By Peter Ramsey
21 Jul 20
Freetrade: the UK's Robinhood?
As a concept, Freetrade isn’t novel—it’s very similar to Robinhood and a number of other investment apps. Importantly, the trend is moving towards commission-free trading.
So, in a world where everything is free, how will these companies compete? The answer, at least partly, is in having the best experience.
But how good is Freetrade’s user experience?
Remembering the squint test.
Tools need to be predictable.
Why you should avoid long lists.
Why history is addictive.
4 UX takeaways
1. The squint test
You’ve probably experienced something similar to this before: you’ve completed an action on a webpage, the page refreshes, and it takes you ages to work out if it was successful or not.
This happens to me all the time with contact forms—which are notorious for having subtle confirmation messages. That’s why I have a simple rule of thumb:
If you squinted, and only looked at the page for 1/10th of a second, could you tell me what the status is? (i.e., success, failure, error…)
And credit where it’s due, Freetrade’s status pages are brilliant.
There are 3 main reasons why this design is so effective.
1. Controlling your attention
By shading the top half of the screen, your attention is naturally drawn towards the lower half. Without this, you may be distracted by the large numbers above.
2. Visual confirmation
The striking and coloured icon is right in the middle of the screen. It’s probably what you noticed first. If you glance up again you’ll find it hard to not look at it.
3. Concise headline
The content is really concise, and there are hardly any unnecessary words.
The combination of these elements creates something which is unambiguous, and effortless to understand at a glance.
2. Understanding how the search works
I’ll often refer to the following as features: search, sorting options and filters. But they’re not just features, they’re also tools.
And like all tools, you need to understand the relationship between input and output, and how consistent that output is. When the output isn’t predictable, the tool is seldom useful.
Imagine smashing a rock against a watermelon, and sometimes it cuts it into perfect slices, and other times, through no fault of your own, it explodes right in your face.
The example above would be easy to categorise as a failure, because you’re physically wiping watermelon sludge from your glasses. But with software it’s far harder, because it’s a sliding scale of efficiency.
Let’s use Freetrade’s live search as an example. Here, I’m searching for ‘Atlassian’.
Strange, right? If you just search for “Atl”, then there are only 2 results. But as you keep typing—which typically means being more specific—more results start appearing.
Which in itself is counter-intuitive, but made worse because some of the results that do appear, don’t seem relevant at all.
Humans are fantastic at subconsciously noticing patterns and predicting outputs. But when something random or chaotic happens—which breaks that order—we suffer.
In this instance, the seemingly randomness of the search results, makes it difficult to efficiently and predictably use the tool every time.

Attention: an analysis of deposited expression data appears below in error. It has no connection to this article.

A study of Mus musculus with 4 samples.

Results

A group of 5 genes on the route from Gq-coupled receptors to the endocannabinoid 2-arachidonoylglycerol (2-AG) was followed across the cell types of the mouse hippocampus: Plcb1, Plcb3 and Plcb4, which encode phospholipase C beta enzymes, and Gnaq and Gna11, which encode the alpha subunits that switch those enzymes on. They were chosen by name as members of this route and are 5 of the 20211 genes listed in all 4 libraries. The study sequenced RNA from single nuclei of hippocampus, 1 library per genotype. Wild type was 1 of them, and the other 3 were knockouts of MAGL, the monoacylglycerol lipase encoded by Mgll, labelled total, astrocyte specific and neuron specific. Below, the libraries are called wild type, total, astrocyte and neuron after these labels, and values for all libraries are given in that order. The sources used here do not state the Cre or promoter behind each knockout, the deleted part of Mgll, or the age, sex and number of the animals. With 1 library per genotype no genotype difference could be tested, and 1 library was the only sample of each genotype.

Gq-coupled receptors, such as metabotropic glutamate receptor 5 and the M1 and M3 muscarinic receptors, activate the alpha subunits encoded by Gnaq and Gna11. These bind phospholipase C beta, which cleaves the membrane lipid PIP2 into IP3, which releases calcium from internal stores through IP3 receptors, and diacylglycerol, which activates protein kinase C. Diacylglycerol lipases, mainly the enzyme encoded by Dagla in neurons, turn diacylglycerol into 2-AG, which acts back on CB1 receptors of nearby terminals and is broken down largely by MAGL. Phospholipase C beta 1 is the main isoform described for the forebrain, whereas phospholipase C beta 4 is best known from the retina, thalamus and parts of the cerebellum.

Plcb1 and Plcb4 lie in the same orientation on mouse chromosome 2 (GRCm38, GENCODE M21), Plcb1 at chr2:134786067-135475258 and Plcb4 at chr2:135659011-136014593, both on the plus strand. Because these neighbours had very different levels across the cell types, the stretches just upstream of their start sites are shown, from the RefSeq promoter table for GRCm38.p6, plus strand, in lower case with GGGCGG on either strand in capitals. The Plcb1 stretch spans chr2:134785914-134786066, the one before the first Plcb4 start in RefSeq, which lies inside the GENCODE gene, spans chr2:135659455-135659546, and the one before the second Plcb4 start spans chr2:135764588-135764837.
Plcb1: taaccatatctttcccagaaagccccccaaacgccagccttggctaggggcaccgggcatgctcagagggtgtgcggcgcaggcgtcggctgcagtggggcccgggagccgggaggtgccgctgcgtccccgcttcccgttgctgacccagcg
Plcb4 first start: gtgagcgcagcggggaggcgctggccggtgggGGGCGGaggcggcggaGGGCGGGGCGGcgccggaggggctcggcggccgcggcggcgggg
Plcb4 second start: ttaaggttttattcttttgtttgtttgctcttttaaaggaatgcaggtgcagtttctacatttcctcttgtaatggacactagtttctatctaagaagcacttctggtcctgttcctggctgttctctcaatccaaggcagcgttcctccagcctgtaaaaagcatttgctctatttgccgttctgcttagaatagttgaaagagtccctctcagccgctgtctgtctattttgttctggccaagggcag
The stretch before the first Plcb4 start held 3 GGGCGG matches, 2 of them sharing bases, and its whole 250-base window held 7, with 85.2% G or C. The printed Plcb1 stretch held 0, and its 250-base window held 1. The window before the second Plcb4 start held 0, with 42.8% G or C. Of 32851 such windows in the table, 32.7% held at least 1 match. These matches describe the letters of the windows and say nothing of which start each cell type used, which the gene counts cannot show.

3. Avoid long lists
What’s worse than a tool which backfires watermelon seeds into your face 10% of the time? Not having a tool, and going hungry.
Which is why it’s disappointing that Freetrade don’t have any kind of basic search, sorting or filtering inside their ‘Sector’ categories.
I’m not sure what the maximum number of items that you could feasibly have in a list before you need a basic search functionality is, but it’s certainly fewer than 170.
People hate scrolling through lists. This feels like a feature that was built in an MVP and never revisited.
A really common example of this issue is when you’re selecting your country in a form. You have hundreds of options, and have to scroll down to find yours. It may only take a few seconds, but it’s irrationally frustrating.
I help companies all the time who have technically built some great functionality, but without the appropriate context or tools to use it, nobody does.
4. History is addictive
Presumably, most people are using Freetrade because they want to invest in something today, for a greater financial reward in the future.
And, because of it’s similarities to gambling, it’s very easy for Freetrade to gamify the process of investing—which undoubtably has an impact on the stickiness of their product.
An important factor in this stickiness is how enjoyable it is to look back through your historic performance.
By making this process enjoyable, you make it addictive. And this encourages the user to continue investing time (and literally money in this case) into the product.
But look what happens to your portfolio performance when you add £10 to your account.
You see that upward spike? That’s me depositing money to my account.
But when I look back in a few months time, will I even remember that I added more cash? Or instead, will I think that I just invested in Tesla shares on the right day.
Sure, my portfolio says which shares are up or down, but this graph is both enticing, and misleading.
The lack of clarity here creates doubt. Am I actually making any money, or do I just keep pouring more money in?
And, for anybody who’s noticed this issue, it’s the possibility of future misunderstanding that is so damaging. It’s hard to let yourself enjoy your historic performance when you know how easily you could be mislead.